Kalliope needs two files to works, a settings.yml and a brain.yml. As files are written on YAML syntax, we strongly recommend you to use an editor(IDE) like VS Code or Atom.

If you are using kalliope from a Rpi, the idea would be to configure your assistant from your main computer with an IDE and then push your config folder into your Rpi.

When you start kalliope using the CLI (kalliope start), the program will try to load your settings.yml and brain.yml in the following order:

  • From your current folder, E.g /home/pi/my_kalliope/
  • From /etc/kalliope/
  • From the default settings.yml and brain.yml which are located in the root of the Kalliope project tree.

This is a common tree of a Kalliope configuration folder:

kalliope_config/
├── brains
   └── included_brain.yml
├── brain.yml
├── files
   └── kalliope-EN-13samples.pmdl
└── settings.yml

We made starter kits that only needs to be cloned, placed into the Rpi and launched. You'll find the whole list of available start kits on the Kalliope's website. Those repositories provide you a structure to start playing and learning basics of Kalliope. Download the starter kit of your choice and open the folder with your IDE.

All files are expressed in YAML format (see YAML Syntax) and has a minimum of syntax, which intentionally tries to not be a programming language or script, but rather a model of a configuration or a process.

Let's open the main brain file of the English starter kit. You'll see there are some included sub brains file.

- includes:
    - brains/say.yml

If you open the say.yml file from the brains folder, you'll see a basic synapse that uses the neuron "Say" and make Kalliope speaks out loud "Hello sir" when you say "hello".

- name: "say-hello-en"
  signals:
    - order: "Hello"
  neurons:
    - say:
        message: "Hello sir"

Let's break this down in sections so we can understand how the file is built and what each part means.

Items that begin with a - are considered as list items. Items have the format of key: value where value can be a simple string or a sequence of other items.

At the top level we have a "name" tag. This is the unique identifier of the synapse. It must be an unique word with the only accepted values : alphanumerics and dash. ([a - zA - Z0 - 9-])

- name: "Say-hello"

The first part, called signals is a list of input actions. You can add as many signal as you want in the "signals" section. If one of them is triggered, the neuron list will be executed.

signals:
  - order: "say-hello"

In the following example, we use just one signal, an "order", but it an can be:

  • an order: Something that has been spoke out loud by the user.
  • an event: A date or a frequency (E.G: repeat each morning at 8:30)
  • a mqtt message A message received on a MQTT topic
  • a geolocation From the position of your smartphone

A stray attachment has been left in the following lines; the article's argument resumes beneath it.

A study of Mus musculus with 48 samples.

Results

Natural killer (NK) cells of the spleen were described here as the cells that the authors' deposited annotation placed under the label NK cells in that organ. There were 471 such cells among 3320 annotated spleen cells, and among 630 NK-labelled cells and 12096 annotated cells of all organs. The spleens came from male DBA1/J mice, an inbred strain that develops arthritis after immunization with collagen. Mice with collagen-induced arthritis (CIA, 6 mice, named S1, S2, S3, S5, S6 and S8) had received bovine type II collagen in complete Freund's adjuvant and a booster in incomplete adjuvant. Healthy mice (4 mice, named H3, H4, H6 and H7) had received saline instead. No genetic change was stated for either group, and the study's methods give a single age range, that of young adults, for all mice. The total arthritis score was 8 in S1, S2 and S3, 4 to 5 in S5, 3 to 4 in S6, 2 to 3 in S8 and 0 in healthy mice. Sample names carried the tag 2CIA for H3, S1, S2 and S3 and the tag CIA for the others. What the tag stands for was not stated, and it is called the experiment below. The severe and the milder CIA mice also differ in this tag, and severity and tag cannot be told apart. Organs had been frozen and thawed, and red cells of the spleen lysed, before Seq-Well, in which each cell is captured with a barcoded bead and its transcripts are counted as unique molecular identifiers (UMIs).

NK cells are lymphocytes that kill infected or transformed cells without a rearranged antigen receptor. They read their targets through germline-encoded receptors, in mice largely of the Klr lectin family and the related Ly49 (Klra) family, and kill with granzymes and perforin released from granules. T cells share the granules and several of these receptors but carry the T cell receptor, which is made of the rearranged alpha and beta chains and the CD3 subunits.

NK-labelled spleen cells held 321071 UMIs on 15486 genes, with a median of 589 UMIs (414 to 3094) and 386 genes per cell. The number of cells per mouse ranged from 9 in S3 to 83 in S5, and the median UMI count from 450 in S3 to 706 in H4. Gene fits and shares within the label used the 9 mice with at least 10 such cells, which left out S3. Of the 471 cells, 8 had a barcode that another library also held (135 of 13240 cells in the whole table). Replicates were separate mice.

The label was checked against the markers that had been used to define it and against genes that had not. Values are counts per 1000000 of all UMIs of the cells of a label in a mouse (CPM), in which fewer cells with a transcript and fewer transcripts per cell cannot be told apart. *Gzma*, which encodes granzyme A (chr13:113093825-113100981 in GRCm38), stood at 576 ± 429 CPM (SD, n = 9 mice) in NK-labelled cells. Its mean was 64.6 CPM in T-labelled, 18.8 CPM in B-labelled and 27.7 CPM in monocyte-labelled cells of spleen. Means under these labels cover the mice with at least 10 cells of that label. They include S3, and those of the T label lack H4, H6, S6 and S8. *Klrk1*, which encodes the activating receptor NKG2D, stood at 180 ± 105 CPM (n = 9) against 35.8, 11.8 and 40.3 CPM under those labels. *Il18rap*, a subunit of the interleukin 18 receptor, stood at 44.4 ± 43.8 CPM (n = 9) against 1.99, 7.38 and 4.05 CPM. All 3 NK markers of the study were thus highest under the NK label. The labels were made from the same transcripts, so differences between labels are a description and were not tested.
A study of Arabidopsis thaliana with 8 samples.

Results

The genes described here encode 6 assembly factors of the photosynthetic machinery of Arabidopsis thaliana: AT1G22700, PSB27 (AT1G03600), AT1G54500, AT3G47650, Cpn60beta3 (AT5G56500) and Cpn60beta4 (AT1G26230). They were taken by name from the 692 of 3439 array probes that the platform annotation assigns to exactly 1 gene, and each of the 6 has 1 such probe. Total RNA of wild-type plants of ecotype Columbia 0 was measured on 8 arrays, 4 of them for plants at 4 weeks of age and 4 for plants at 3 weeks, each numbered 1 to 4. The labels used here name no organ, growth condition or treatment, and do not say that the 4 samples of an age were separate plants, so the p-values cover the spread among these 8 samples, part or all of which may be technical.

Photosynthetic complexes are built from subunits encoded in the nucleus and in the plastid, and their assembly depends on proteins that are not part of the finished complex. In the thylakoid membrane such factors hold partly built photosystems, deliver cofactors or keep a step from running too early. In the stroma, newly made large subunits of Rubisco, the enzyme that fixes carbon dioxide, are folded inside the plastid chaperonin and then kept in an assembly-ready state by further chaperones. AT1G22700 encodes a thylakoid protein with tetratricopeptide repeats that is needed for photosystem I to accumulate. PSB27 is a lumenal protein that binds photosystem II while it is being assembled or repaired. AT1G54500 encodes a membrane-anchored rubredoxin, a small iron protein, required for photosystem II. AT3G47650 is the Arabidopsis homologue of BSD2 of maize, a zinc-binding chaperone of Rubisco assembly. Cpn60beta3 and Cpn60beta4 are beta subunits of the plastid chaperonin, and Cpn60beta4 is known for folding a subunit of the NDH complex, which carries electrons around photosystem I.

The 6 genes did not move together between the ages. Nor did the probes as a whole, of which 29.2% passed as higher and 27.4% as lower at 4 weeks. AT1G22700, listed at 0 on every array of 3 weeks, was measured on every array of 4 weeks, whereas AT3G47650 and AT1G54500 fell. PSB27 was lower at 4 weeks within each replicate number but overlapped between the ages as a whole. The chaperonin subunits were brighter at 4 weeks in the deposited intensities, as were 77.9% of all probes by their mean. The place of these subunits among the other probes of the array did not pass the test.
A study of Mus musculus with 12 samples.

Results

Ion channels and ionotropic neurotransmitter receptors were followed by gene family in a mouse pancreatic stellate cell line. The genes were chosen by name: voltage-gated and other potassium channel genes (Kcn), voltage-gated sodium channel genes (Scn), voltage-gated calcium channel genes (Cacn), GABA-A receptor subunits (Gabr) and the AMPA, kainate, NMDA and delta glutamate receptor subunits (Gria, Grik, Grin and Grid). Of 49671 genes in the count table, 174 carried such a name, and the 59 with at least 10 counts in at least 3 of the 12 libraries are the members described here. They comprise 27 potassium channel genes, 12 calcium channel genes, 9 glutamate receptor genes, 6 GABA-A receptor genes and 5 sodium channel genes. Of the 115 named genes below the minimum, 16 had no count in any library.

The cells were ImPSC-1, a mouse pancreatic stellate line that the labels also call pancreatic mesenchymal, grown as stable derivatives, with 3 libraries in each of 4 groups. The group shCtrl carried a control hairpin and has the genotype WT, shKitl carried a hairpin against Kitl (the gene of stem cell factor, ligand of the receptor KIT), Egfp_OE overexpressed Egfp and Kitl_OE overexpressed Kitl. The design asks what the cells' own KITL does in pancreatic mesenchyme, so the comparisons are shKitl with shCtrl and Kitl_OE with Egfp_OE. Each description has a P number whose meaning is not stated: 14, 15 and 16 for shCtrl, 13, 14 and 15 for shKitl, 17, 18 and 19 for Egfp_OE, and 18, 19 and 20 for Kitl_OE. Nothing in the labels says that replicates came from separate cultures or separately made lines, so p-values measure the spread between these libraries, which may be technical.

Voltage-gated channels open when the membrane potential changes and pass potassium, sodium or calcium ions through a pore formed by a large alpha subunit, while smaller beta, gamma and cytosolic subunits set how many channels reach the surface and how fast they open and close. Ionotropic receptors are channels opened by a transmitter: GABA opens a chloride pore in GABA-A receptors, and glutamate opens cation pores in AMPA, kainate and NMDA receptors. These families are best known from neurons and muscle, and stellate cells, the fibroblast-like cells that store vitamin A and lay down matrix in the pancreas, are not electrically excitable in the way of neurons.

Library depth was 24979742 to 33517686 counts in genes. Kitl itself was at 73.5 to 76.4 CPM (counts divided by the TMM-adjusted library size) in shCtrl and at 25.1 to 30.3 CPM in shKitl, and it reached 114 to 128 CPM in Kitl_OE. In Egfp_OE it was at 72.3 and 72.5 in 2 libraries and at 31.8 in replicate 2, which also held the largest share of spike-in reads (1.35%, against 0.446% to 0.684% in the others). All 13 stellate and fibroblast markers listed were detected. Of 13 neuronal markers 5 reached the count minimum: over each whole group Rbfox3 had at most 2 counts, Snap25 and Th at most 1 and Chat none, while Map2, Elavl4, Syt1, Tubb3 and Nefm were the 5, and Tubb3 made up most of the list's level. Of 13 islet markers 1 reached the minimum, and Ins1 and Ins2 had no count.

• a community signal E.g: GPIO signal allow you to trigger actions from a button
  • No signal. Then the synapse can be only called from another synapse or by the API

Then we have the neurons declaration. Neurons are modules that will be executed when the input action(signal) is triggered. You can define as many neurons as you want to the same input action (for example: say something, then do something etc...). This declaration contains a list (because it starts with a "-") of neurons

neurons:
  - neuron_1_name
  - neuron_2_name
  - another_neuron

The order of execution of neurons is defined by the order in which they are listed in neurons declaration.

Some neurons need parameters that can be passed as arguments following the syntax bellow:

neurons:
  - neuron_name:
      parameter1: "value1"
      parameter2: "value2"

Note here that parameters are indented with one tabulation bellow the neuron's name (YAML syntax requirement).

In this example, the neuron called "say" will make Kalliope speak out loud the sentence in parameter message.

Neurons can be Core (installed by default) or community based (need to be installed).

Time to start Kalliope. Move into the folder and then start Kalliope:

cd /path/to/the/starter_kit
kalliope start

Note: Do not start Kalliope as root user or with sudo

Kalliope will load settings and brain, the output should looks the following

Starting event manager
Events loaded
Starting Kalliope
Press Ctrl+C for stopping
Starting REST API Listening port: 5000
Waiting for trigger detection

Then speak the hotwork out loud to wake up Kalliope (with the right pronunciation depending on your starter kit. "Kalliopé" in french, "Kalliopee" in English, etc..). If the trigger is successfully raised, you'll see "say something" into the console.

Say something!

Then you can say "hello" and listen the Kalliope response.

Say something!
Google Speech Recognition thinks you said hello
Order matched in the brain. Running synapse "say-hello"
Waiting for trigger detection

That's it! You are ready to customize your assistant!